Killing of Osama bin Laden

On May 2, 2011, Osama bin Laden, the founder and first leader of the Islamist militant group al-Qaeda, was shot several times and killed at his compound in Abbottabad, Pakistan, by United States Navy SEALs of the U.S. Naval Special Warfare Development Group (also known as DEVGRU or SEAL Team Six).[1] The operation, code-named Operation Neptune Spear, was carried out in a CIA-led operation with Joint Special Operations Command, commonly known as JSOC, coordinating the Special Mission Units involved in the raid. In addition to SEAL Team Six, participating units under JSOC included the 160th Special Operations Aviation Regiment (Airborne)—also known as "Night Stalkers"—and operators from the CIA's Special Activities Division, which recruits heavily from former JSOC Special Mission Units.[2][3] The operation's success ended a nearly decade-long manhunt for bin Laden, who was wanted for masterminding the September 11 attacks on the United States.

Killing of Osama bin Laden
Part of the War on terror
Osama bin Laden's compound
Map of Operation Neptune Spear showing the locations of U.S. bases in Afghanistan and the approximate flight path to and from the compound in Pakistan
DateMay 2, 2011 (2011-05-02)
LocationOsama bin Laden's compound in Bilal Town, Abbottabad, Khyber Pakhtunkhwa, Pakistan
Also known asOperation Neptune Spear
Participants
OutcomeOsama bin Laden's body buried in the North Arabian Sea
Deaths

The raid, approved by president Barack Obama and involving two-dozen Navy Seals in two Black Hawk helicopters, was launched from Afghanistan, where U.S. forces were based,[4] about 120 miles (190 km) away.[5] The raid was 40 minutes long; bin Laden was killed shortly before 1:00 a.m. PKT[6][7] (20:00 UTC, May 1).[8] Three other men (including one of bin Laden's sons) and a woman in the compound were also killed. After the raid was completed, U.S. forces returned to Afghanistan with the body of bin Laden for identification; they then flew over 850 miles (1,370 km) to the Arabian Sea, where his body was buried in accordance with Islamic tradition, within 24 hours of his death.[9]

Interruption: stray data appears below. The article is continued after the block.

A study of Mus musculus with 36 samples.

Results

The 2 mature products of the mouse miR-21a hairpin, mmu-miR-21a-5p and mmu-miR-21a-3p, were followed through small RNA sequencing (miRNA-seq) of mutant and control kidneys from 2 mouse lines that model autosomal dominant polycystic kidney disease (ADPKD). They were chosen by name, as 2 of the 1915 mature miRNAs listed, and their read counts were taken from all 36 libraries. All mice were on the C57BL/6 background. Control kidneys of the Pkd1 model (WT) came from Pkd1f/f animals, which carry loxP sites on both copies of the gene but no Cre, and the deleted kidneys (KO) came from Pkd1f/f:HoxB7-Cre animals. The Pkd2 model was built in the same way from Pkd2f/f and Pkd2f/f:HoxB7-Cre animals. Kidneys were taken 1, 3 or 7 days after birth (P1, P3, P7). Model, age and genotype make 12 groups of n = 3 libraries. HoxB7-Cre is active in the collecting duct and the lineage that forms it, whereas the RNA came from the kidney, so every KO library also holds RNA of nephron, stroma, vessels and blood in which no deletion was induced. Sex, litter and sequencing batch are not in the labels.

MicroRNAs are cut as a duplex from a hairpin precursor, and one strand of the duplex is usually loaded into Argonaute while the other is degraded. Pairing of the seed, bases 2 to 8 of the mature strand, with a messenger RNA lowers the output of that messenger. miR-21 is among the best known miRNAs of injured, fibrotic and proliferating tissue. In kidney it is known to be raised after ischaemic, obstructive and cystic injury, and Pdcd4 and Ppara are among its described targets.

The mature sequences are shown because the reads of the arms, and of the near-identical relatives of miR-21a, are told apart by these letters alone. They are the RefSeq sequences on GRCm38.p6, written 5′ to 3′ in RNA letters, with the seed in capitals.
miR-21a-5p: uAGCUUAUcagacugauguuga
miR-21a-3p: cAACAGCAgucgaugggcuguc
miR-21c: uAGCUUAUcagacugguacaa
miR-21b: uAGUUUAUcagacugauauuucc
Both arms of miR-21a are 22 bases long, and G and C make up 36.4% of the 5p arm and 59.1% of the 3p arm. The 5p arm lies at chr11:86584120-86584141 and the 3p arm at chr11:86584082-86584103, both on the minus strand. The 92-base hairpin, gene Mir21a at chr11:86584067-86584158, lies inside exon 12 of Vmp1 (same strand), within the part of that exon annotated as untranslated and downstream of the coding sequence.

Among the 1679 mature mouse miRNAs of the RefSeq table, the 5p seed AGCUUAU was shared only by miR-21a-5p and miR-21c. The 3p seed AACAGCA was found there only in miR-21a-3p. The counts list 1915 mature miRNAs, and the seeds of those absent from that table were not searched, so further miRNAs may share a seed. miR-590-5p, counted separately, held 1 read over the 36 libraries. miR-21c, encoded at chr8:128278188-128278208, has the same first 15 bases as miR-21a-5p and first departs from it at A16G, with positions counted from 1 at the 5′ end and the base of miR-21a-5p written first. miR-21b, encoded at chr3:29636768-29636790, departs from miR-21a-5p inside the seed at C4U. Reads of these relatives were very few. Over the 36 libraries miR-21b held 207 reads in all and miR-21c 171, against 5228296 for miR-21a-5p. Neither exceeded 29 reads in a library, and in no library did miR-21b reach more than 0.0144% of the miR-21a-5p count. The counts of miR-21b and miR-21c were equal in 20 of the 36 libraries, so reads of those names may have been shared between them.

Al-Qaeda confirmed the death on May 6 with posts made on militant websites, vowing to avenge the killing.[10] Other Pakistani militant groups, including the Tehrik-i-Taliban Pakistan, vowed retaliation against the U.S. and against Pakistan for not preventing the operation.[11] The raid was supported by over 90% of the American public,[12][13] was welcomed by the United Nations, NATO, the European Union and a large number of governments,[14] but was condemned by others, including two-thirds of the Pakistani public.[15] Legal and ethical aspects of the killing, such as the failure to capture him alive despite him being unarmed, were questioned by others, including Amnesty International.[16] Also controversial was the decision not to publish any photographic or DNA evidence of bin Laden's death.[17] There was also controversy in Pakistan as to how the country's defence was breached and the Air Force failed to pick up the American aircraft.[18]

After the killing, Pakistani prime minister Yousaf Raza Gillani formed a commission under Senior Justice Javed Iqbal to investigate the circumstances of the attack.[19] The resulting Abbottabad Commission Report, which revealed Pakistani state military and intelligence authorities' "collective failure" that enabled bin Laden to hide in Pakistan for nine years, was leaked to Al Jazeera on July 8, 2013.[20]